Walter E. Beall
(1905 – 1990)
patriot, philanthropist, humanitarian, aviation pioneer, business man and educator
Walter Beall joined the United States Marine Corps in 1917. He wanted to serve The United States of America at that time engaged in World War I.
Four months later, after completing the Marine Corps grueling 8 week boot camp, Walter was released from service. In 1917, Walter was 12 years old!
In 1920 Beall joined the Army-Air Force served honorably and was discharged in 1924. In 1920 Walter was 15 years old!
At 19 he went to work for an aircraft company located in Hagerstown, Maryland.
In 1926, at the age of 21, Walter joined the United States Navy. He remained on active duty for the next twenty nine years and worked in the field of Naval Aviation as an aviation machinist.
During World War II Walter served in the Pacific and was assigned to the staff of the famous Admiral ‘Bull’ Halsey. During that tour of duty Walter was cited for bravery. He was commissioned by the President of The United States as a Chief Warrant Officer 4 (CWO4). In the military a Warrant Officer is a leader who serves as a technical expert, providing valuable skills, guidance, teaching, and expertise to commanders and organizations. Navy Chief Warrant Officers are technical officer specialists who perform duties that require expertise and commissioned officer authority to direct technical operations.
In 1955 at age 50 and having served in WWI, WWII and the Korean War, Walter retired from active Naval Service. He was highly decorated for his service to country.
Walter Beall was well known throughout the United States within the aviation community. In his later years he overhauled aircraft engines and rented hanger space to private and commercial pilots. He was one of the first licensed pilots in the United States. A proponent of aviation education and safety, he was an FAA Pilot and Mechanic Examiner. He was a member of the exclusive OX-5 Pioneers, the association of aviators who helped mold the development of early aviation. He was a member of the Experimental Aviation Association and a member of The Sun and Fun Fly- In Club.
Walter Beall joined the Fleet Reserve Association (FRA) in 1939 and living his ethic of citizenship, community and service to others soon found himself involved in the Association at the local, Regional and then National levels.
He served the Association by volunteering for many committee assignments, both as a member and chairman. In 1946 Walter formed the Southeast Region of the Fleet Reserve Association. He served two terms as it’s Regional President.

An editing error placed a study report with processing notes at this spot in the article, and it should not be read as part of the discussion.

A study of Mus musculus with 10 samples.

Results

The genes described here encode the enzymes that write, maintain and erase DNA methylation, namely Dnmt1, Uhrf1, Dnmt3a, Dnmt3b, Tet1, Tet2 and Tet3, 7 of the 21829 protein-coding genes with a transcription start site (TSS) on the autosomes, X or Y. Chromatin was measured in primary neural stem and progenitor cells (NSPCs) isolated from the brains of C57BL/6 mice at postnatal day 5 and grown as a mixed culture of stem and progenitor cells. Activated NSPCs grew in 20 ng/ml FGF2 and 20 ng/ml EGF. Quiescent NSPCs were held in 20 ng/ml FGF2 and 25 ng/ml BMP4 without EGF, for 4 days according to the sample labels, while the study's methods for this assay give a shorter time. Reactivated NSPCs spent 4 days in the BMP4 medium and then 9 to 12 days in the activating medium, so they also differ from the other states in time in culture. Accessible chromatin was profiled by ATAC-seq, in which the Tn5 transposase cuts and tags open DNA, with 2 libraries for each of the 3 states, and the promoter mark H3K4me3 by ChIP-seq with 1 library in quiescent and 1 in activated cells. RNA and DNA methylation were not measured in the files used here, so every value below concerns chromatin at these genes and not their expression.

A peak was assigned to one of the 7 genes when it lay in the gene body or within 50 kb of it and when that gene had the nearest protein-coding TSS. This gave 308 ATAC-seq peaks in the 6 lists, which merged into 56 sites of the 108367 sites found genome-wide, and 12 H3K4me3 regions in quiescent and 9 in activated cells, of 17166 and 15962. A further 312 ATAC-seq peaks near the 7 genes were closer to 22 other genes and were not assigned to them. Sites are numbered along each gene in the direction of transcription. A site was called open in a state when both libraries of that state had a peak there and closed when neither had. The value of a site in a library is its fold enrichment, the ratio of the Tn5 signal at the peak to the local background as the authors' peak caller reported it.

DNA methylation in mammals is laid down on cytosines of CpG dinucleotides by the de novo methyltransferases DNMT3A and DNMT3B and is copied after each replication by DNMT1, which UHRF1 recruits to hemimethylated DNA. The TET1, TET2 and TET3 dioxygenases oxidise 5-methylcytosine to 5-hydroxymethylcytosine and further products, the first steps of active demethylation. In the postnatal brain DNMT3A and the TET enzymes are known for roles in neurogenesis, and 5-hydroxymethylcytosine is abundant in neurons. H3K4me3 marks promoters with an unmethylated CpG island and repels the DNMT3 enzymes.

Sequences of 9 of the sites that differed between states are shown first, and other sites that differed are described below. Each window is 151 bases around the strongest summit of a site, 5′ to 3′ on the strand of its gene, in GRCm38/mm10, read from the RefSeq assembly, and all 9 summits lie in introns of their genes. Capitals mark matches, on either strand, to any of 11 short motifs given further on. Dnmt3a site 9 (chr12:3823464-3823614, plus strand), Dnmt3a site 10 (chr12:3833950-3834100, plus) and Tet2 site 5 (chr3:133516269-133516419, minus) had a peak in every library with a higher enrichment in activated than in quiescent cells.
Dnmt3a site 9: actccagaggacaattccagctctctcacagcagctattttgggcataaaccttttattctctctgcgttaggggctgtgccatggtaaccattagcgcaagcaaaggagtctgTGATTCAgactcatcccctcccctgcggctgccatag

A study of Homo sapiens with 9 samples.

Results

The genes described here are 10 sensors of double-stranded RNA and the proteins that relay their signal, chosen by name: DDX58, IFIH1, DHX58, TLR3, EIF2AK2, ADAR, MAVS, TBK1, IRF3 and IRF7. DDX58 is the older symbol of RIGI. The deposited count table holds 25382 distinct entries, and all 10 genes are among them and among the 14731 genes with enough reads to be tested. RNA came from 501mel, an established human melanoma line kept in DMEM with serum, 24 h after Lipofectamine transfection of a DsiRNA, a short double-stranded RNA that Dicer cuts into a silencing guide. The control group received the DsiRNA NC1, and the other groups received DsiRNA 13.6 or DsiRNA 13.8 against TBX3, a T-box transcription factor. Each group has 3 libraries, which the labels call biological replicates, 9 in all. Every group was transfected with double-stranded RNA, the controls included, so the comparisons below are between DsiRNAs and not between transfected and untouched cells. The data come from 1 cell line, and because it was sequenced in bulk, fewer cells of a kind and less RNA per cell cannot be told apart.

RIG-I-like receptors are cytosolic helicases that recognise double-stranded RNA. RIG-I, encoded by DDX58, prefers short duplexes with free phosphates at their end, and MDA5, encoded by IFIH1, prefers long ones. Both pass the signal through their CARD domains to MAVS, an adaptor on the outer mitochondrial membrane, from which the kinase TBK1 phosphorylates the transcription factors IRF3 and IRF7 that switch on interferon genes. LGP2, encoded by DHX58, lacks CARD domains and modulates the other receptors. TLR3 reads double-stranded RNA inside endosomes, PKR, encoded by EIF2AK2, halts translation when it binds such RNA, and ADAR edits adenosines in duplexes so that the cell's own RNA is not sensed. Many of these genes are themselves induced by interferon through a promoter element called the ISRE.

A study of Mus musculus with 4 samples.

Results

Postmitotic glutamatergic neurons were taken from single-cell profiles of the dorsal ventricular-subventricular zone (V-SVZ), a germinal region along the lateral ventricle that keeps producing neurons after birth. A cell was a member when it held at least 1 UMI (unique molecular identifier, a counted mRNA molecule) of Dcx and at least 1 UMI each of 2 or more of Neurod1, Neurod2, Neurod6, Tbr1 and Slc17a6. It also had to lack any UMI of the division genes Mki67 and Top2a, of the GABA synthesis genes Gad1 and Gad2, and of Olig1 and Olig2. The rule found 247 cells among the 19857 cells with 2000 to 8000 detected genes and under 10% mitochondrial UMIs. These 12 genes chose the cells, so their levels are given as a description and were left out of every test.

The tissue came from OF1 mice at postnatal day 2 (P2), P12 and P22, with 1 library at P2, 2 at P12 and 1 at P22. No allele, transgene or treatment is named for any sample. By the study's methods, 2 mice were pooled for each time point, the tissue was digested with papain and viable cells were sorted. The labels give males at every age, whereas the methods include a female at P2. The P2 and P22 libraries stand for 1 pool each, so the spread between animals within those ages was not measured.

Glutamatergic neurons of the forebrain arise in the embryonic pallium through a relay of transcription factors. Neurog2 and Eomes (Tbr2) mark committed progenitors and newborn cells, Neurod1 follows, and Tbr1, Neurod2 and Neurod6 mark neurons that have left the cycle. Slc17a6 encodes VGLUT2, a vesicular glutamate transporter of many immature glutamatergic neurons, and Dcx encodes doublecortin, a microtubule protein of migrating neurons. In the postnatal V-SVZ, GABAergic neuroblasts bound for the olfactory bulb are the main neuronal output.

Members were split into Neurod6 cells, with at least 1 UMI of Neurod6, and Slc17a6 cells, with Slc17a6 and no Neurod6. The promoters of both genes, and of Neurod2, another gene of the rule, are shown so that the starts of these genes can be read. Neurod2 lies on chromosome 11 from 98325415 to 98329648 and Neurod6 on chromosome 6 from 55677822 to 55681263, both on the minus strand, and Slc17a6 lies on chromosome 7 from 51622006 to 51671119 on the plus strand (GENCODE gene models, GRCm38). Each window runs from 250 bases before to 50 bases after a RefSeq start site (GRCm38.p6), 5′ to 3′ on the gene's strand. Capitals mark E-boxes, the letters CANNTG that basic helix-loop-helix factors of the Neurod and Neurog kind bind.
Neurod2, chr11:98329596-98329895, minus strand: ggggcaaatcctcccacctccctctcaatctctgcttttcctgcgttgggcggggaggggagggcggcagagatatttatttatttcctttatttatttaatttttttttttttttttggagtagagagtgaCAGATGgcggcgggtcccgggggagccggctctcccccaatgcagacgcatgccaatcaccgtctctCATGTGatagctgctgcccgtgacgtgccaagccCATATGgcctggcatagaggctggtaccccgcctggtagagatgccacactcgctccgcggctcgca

In 1949 Beall was elected Branch President of FRA Branch 60, one of the largest FRA Branches on the East Coast. Walter was a member of the FRA for 51 years practicing the three cardinal principles of the association: Loyalty, Protection and Service to others and country. He was a member of the Disabled American Veterans (DAV) as well.
Walter was also a philanthropist and humanitarian. During his lifetime he helped many people earn college degrees and pursue their dreams.
Walter never retired. He worked and remained active until the day he died at the age of 85, in June of 1990.
Some saw Walter as an eccentric, some saw him as a Renaissance Man. Walter only saw himself as a quiet, simple man possessing a strong sense of responsibility, citizenship and community. He felt that everyone should give of their energy in service to our country and others, not self. He also believed that people should never be denied the opportunity to realize and achieve their full potential.
When Walter died he bequeathed his estate to The Past Regional Presidents of the Fleet Reserve Association. The Past Regional Presidents decided that the best way to utilize Walter’s estate, perpetuate his ethics and memorialize his life and contributions was to establish scholarships for the children of FRA members wanting to study the field of aviation.
Walter E. Beall possessed a strong sense of responsibility, citizenship and community. He felt that everyone should give 100 percent of their energy in service to country and others, not to self.
Walter believed that people should never be held back because of personal circumstances or ever be denied the opportunity to realize and achieve their full potential.